Managing Yard Waste to Preserve Water Quality (E0012TURF)
In 1994, a law banned grass clippings, tree leaves, branches and twigs from all landfills in Michigan. These items are considered yard waste, and prior to 1994, it accounted for approximately 20 to 25 percent of Michigan’s throwaway trash.
Recycling Grass Clippings
When you mow, return the grass clippings to the turf whenever possible. Mulching mowers are specifically designed to accommodate this procedure, but any mower can return clippings to the lawn. Grass clippings begin to break down quickly after mowing, releasing the water and nutrients contained in the tissue. The nutrients (particularly nitrogen) can be returned to the soil and used by the lawn. Recycling nutrients will reduce the total amount of nitrogen fertilizer needed by the turf each growing season.
Returning clippings to the lawn will not harm the grass plants or contribute to thatch buildup. Thatch is the accumulation of dead and decomposing turf stems, leaves and roots intermixed with live plant roots and soil that occurs at the soil surface. It can be viewed by cutting downward into the lawn, peeling the sod back and examining the cut piece from the side. A thatch layer of approximately 1/2 inch is beneficial because it acts as a buffer at the soil surface and protects the plants from extreme weather. Thatch that builds up over 1 inch, however, can inhibit water and air movement and weakens the turf stand. If you have a thatch layer of 1 inch or more, you may want to consider a core cultivation of your lawn to alleviate the thatch problem. (Refer to Turf Tips E12TURF, “Cultivation of Lawns” for more details.) Excessive grass clippings left in piles on the lawn surface will smother and severely injure the turf. Simply spread them out over a larger area using a rake or the mower, use them as mulch in gardens or landscape beds, or put them in your compost pile. If excessive clippings are a routine problem on your lawn, try mowing more frequently and raise the mowing height. Mowing heights of 2.5 to 3.5 inches are recommended for most lawns. (Refer to Turf Tips E13TURF, “Mowing Lawn Turf” for more details.)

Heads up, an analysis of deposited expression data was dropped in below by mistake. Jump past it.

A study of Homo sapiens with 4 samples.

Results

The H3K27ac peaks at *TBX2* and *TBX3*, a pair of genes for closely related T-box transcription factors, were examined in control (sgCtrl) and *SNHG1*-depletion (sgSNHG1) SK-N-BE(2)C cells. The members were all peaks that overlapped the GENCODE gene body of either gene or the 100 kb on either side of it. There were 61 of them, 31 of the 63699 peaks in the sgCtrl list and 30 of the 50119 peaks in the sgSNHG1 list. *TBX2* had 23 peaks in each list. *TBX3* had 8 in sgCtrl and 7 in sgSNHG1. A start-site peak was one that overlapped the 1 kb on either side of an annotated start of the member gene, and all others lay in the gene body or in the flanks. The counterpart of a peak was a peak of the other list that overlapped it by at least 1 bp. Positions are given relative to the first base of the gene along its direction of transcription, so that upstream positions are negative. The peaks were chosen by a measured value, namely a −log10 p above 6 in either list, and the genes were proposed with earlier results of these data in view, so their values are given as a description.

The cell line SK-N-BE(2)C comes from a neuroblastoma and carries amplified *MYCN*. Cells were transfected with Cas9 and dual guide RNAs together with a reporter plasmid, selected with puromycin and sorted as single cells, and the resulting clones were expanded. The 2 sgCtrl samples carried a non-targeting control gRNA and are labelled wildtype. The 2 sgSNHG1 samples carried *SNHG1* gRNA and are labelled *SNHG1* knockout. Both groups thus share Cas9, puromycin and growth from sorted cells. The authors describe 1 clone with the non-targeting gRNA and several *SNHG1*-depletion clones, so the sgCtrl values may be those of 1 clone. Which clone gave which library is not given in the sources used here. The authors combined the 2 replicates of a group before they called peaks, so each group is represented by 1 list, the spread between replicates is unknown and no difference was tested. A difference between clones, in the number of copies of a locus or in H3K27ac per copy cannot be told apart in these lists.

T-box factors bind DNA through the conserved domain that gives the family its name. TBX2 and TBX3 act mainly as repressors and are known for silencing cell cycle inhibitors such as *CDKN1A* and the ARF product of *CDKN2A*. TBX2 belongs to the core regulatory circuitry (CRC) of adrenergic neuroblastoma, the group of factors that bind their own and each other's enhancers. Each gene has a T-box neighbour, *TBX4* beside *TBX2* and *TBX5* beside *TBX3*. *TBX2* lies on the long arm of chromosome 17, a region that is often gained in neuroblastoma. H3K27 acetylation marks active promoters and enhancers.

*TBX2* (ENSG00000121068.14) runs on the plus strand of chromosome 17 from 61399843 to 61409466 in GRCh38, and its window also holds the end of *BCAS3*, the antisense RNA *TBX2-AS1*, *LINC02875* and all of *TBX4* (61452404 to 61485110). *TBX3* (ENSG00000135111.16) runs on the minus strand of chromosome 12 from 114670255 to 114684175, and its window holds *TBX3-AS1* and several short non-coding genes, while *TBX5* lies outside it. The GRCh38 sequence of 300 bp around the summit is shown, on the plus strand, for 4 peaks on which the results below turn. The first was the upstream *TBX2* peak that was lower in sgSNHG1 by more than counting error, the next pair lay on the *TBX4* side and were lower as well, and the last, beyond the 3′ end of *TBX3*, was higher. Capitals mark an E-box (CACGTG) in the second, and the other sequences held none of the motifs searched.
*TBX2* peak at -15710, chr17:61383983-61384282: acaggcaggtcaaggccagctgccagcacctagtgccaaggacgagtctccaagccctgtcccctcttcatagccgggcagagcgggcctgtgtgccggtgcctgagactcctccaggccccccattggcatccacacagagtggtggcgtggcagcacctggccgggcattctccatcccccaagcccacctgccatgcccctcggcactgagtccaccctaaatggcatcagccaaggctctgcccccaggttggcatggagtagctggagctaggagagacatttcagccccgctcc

Grass Clippings as Mulch
Grass clippings can effectively be used as mulch for gardens or landscape beds. Be careful when placing the clippings around tender young plants — the clippings can heat up as they decompose, and this may injure young transplants. Also, refrain from using clippings for mulch that were recently treated with weed control products (herbicides). MSU research indicates that the herbicide can volatilize from clippings and injure sensitive plants such as tomatoes, beans and annual flowers. Allow at least two weeks after application of weed control products before using treated clippings as mulch.
Grass Clippings as Compost
Grass clippings make an outstanding contribution to compost piles because of their high nutrient content. Efficient composting is accomplished by layering green material such as grass clippings, weeds or kitchen scraps with brown materials such as leaves and soil. The compost is a valuable resource for landscape and garden beds as a soil amendment or mulch.
Raking, hauling, bagging and disposing of tree leaves has been an annual event for homeowners and turf managers for many years. MSU researchers have found that mowing these leaves back into the turf is an appropriate alternative. In these studies, more than 6 inches of tree leaves have been mulched into lawn turf. Several types of leaves have been used, such as oak and maple, with no adverse effects on lawn turf. Reports from professional turf managers who have been practicing this technique on golf courses and commercial turf have been positive. Homeowners interested in an alternative to raking leaves might want to try mowing them. A couple of passes with the mower breaks the leaves down into small pieces. The leaf residue will be evident after mowing, but it will sift into the turf within a few weeks and will be unnoticeable in the spring. You can even rake leaves that accumulate in planting beds, fence lines or other areas out into the lawn and mow them. For best results, use a mulching mower, raise your mowing height to better accommodate the tree leaves and mow when the leaves are dry.